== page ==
Students to return to Neale Wade and Cromwell College - some of them at least, for some of the time with teaching ‘bubbles’ part of the Covid routine
- Credit: Archant
Two of three secondary schools run by The Active Learning Trust – Neale Wade in March and Cromwell in Chatteris – offered a partial welcome return for students from today (Monday).
The trust says they are following guidance from the Department for Education which says schools should only have a quarter of year 10 and year 12 pupils in at any one time to reduce coronavirus transmission risks.
Neale-Wade Academy, in March, welcomed back students in Year 10 and Year 12 from today. All Year 10 students should expect at least a one-hour session a week in a core subject. Year 12 students will be placed in to small ‘bubble’ groups for tutor sessions on topics including career choices.
Cromwell Community College in Chatteris has also allowed students in Year 10 and Year 12 to return from June 15.
Year 10 students will be allocated into groups with each group receiving two hours teaching once a week in core subjects. Year 12 students will be split into groups and will receive tutor support.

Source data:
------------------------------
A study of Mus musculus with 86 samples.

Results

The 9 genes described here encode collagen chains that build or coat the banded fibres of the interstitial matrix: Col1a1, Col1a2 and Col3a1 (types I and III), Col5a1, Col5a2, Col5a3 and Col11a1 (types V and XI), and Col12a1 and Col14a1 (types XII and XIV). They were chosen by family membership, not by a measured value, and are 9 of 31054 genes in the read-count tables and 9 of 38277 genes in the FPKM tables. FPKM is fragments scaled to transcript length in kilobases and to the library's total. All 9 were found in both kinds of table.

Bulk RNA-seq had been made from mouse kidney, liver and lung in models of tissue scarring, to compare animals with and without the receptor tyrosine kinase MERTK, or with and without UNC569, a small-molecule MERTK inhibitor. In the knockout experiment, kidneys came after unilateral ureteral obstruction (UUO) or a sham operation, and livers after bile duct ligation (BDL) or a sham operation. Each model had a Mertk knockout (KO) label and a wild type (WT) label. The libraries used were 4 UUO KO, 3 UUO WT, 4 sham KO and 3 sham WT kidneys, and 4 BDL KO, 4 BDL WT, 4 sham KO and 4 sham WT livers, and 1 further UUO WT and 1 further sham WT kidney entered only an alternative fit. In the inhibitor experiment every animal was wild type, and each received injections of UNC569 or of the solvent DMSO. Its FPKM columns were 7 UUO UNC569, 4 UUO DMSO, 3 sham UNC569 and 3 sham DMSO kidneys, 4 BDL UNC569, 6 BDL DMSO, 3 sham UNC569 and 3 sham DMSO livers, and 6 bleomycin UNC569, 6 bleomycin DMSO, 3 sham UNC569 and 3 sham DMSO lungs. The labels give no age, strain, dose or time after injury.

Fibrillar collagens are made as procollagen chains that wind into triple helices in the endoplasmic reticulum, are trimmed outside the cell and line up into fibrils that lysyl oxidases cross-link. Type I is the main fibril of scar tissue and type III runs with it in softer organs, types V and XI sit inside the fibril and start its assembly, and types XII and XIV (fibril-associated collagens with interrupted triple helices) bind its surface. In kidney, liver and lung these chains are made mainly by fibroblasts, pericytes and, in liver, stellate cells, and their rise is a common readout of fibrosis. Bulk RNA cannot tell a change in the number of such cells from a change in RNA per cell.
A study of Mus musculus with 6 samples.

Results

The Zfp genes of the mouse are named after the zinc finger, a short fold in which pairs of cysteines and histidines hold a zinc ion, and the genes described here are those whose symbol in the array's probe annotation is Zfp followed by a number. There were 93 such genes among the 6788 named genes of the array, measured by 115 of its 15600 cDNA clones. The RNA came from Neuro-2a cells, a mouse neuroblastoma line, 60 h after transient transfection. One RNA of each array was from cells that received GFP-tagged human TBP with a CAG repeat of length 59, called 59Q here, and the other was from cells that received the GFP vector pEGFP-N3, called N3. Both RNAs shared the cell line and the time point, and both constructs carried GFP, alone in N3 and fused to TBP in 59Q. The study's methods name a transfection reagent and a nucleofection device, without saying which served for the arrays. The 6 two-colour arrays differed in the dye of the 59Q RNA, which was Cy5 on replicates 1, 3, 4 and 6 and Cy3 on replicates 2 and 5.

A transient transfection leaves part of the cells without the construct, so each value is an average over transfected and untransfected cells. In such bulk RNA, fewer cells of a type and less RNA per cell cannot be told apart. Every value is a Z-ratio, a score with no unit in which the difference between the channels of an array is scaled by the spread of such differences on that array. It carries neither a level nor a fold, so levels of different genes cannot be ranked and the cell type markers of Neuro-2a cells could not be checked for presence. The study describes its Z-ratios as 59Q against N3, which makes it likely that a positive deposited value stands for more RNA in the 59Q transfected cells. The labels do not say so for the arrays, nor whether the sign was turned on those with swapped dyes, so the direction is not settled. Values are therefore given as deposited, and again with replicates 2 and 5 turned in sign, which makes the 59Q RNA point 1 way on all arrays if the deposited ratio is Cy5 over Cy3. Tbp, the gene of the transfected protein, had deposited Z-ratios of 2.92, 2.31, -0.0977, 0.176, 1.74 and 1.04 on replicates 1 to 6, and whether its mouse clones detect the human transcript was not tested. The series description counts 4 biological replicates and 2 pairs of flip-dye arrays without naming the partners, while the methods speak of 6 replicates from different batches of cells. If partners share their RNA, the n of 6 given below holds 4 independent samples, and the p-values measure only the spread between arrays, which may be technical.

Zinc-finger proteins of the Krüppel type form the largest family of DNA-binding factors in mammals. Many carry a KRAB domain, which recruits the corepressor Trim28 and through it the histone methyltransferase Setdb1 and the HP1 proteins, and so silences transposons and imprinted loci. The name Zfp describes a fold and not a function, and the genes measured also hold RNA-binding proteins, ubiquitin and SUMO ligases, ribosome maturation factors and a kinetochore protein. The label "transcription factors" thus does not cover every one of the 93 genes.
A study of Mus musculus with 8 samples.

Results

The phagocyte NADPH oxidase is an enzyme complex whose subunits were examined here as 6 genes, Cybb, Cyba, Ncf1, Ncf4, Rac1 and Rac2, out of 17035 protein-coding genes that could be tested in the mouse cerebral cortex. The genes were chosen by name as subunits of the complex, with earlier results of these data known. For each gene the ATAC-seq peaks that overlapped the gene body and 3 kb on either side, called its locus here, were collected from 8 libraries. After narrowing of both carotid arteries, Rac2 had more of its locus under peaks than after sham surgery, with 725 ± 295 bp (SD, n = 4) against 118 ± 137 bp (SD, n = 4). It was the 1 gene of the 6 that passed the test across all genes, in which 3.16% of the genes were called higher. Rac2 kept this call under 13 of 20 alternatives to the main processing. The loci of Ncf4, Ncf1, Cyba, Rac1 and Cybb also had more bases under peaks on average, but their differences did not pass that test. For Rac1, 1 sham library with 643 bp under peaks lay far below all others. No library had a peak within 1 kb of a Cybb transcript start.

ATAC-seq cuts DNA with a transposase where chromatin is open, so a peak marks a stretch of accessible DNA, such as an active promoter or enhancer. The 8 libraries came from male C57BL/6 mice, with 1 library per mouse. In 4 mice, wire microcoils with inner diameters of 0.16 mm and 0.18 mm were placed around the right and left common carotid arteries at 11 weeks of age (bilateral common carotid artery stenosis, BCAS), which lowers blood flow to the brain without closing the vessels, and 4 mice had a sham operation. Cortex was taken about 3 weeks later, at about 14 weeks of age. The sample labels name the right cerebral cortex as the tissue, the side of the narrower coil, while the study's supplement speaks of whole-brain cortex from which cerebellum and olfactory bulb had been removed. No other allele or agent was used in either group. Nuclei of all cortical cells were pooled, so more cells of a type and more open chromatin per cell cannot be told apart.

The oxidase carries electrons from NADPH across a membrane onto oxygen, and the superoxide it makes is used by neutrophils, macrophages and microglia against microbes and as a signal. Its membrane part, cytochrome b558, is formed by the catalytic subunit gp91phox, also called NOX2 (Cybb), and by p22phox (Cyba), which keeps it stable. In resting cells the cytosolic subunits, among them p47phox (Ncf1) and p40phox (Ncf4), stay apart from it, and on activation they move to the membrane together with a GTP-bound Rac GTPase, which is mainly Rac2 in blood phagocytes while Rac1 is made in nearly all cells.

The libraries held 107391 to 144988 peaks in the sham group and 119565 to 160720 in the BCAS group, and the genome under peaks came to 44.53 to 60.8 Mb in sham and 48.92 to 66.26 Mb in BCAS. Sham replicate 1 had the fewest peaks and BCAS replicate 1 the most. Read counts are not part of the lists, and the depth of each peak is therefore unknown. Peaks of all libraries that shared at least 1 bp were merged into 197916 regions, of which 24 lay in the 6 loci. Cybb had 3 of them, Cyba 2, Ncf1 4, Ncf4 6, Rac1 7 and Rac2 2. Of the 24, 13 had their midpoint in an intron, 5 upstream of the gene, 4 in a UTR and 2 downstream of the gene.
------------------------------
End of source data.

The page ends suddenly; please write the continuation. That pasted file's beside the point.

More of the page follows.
“Online learning continues for all year groups and the school, as with all other secondary and primary schools across the trust, remain open to children of key workers and vulnerable students,” said Active Learning chief executive officer Stephen Chamberlain.
He said: “The health and safety of the school community is the most important aspect and social distancing will be in place with all staff trained to ensure measures are adhered to.”
These measures include no break during a teaching session, staggered class times with breaks between session to avoid any cross over of students, no sharing of desks between students, and regular cleaning routines.
Mr Chamberlain said: “By allowing more students back it will allow them to get face-to-face guidance from teachers and to see their friends within a safe, school environment.
He said the change to home learning has worked well and it “evident that online learning will continue as schools gradually make the step to fully reopening.”